This guidance is intended to help you implement Cranfield University's provisional guidance for the use of generative AI, specifically with regards to referencing generative AI when you have used it. However, please note that generative AI is evolving rapidly and there is not yet general consensus on how to acknowledge and reference it. This guidance will therefore continue to be reviewed and updated.
Before using generative AI, it is essential you ensure that:
Generative AI can be a useful starting point to gather background information on a topic, but be aware that:
If you do choose to use generative AI tools, you must always:
The use of generative AI must be acknowledged in an ‘Acknowledgements’ section of any piece of academic work where it has been used as a tool to assist in the process of creating the work.
Minimum requirement to include in acknowledgement:
I acknowledge the use of ChatGPT 3.5 (Open AI, https://chat.openai.com) to summarise my initial notes and to proofread my final draft.
Further requirements may be stipulated by a department, academic programme or individual teaching staff, or for a particular assignment, and must be made clear to students when an assignment is set. Additional requirements may include expanded description in the ‘Acknowledgements’ or ‘Methods’ section, such as:
These acknowledgements should not be included in the word count of a piece of work, unless stipulated otherwise for a particular assignment or by a particular academic programme or department. The acknowledgements should either be placed at the beginning or end of the document.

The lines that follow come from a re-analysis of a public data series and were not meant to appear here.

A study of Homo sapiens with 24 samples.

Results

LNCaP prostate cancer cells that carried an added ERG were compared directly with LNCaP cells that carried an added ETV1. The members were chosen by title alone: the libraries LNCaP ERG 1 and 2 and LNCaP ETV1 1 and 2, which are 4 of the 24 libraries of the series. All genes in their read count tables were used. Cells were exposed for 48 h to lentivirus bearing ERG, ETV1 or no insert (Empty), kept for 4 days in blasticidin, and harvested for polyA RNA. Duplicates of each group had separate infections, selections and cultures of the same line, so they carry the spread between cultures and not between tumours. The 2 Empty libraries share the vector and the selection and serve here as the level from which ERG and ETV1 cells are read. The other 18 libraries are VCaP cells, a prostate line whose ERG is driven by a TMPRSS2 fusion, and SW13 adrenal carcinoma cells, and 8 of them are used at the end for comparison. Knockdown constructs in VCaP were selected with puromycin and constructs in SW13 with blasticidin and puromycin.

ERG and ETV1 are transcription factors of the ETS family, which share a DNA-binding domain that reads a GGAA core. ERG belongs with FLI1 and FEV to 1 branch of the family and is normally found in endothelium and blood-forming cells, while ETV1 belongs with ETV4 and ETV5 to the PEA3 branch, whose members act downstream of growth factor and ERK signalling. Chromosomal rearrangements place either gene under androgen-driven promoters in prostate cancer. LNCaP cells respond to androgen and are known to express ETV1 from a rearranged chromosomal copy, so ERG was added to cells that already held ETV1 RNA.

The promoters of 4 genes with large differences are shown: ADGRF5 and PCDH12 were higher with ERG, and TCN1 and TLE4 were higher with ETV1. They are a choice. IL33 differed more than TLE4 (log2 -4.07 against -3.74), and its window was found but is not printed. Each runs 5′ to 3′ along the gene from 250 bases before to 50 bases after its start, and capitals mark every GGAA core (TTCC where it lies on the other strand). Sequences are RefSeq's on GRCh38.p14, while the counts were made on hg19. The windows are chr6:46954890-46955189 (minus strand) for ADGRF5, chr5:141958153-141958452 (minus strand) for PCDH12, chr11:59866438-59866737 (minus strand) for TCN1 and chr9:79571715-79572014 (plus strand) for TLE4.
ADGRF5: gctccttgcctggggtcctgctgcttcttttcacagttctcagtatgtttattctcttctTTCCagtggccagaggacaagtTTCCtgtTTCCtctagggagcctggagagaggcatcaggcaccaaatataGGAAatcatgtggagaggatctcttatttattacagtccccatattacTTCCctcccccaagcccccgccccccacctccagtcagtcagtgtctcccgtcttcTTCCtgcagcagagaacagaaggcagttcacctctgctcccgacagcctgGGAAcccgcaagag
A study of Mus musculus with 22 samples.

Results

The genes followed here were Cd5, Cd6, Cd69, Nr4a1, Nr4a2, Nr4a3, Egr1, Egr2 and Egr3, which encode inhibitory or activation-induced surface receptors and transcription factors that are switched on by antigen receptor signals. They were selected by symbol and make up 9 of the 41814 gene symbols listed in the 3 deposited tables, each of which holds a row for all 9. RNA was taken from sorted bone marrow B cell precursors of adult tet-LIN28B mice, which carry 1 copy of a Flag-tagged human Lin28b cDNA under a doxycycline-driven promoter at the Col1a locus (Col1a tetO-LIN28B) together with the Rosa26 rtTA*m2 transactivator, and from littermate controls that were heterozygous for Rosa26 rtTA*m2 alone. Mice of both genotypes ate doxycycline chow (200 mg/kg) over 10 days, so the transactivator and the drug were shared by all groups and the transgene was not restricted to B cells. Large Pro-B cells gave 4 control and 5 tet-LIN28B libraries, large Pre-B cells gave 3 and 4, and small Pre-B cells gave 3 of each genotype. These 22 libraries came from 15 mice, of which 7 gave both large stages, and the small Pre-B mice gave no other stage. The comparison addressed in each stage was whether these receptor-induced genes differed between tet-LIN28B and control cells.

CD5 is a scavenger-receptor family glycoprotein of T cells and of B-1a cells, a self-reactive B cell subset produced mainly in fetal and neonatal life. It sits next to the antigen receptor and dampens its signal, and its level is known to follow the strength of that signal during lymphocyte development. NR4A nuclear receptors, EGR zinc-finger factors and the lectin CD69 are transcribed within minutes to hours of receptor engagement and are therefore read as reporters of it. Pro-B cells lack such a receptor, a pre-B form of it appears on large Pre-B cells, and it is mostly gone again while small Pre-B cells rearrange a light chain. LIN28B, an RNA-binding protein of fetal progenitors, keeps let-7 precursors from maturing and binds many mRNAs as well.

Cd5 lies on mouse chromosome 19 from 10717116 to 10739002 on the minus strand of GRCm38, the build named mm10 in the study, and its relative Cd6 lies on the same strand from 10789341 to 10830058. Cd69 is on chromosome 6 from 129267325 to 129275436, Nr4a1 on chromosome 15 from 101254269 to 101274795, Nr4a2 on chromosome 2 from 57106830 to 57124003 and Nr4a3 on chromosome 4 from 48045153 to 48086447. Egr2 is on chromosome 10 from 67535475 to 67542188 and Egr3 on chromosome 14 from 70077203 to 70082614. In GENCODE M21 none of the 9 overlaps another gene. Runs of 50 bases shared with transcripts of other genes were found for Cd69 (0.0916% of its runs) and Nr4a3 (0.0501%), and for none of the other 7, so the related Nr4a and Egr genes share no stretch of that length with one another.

Some referencing styles suggest that AI systems should be cited in a similar way to other sources, most notably personal communications, but there are issues with citing AI systems:
We therefore favour the approach of many academic publishers, which stipulates that AI systems should not be cited as an author, nor included as a source in the reference list.
However, there may be cases where it is appropriate or necessary for you to refer to AI generated output within a piece of work and include it in a reference list, for example:
In such cases, the output should be treated as a work with no author, unless specified otherwise by departmental guidelines or the standardised referencing style you are using.
If you are required to use a standard referencing style which has specific rules for citing and referencing AI, the rules of the citation style should be followed, in addition to acknowledging the use of AI as outlined above. This may require the use of in-text citations and reference list entries where the AI tool is listed as an author.
Examples of how generative AI can be cited in a reference list are given below for the styles that are used at Cranfield University.
Open AI. (2023, November 6). ChatGPT (Version gpt-3.5-turbo-1106) [Large language model]. https://chat.openai.com/
Open AI. ChatGPT [large language model on the Internet]. Version gpt-3.5-turbo-1106. San Francisco: Open AI; 2023 Nov 6 [cited 2023 Nov 22]. Available from: https://chat.openai.com/
Stokel-Walker, C. (2023) ChatGPT listed as author on research papers. Nature, 613(7945), 620-621. https://doi.org/10.1038/d41586-023-00107-z
Cranfield University acknowledges the guidance provided by UCL in producing this information.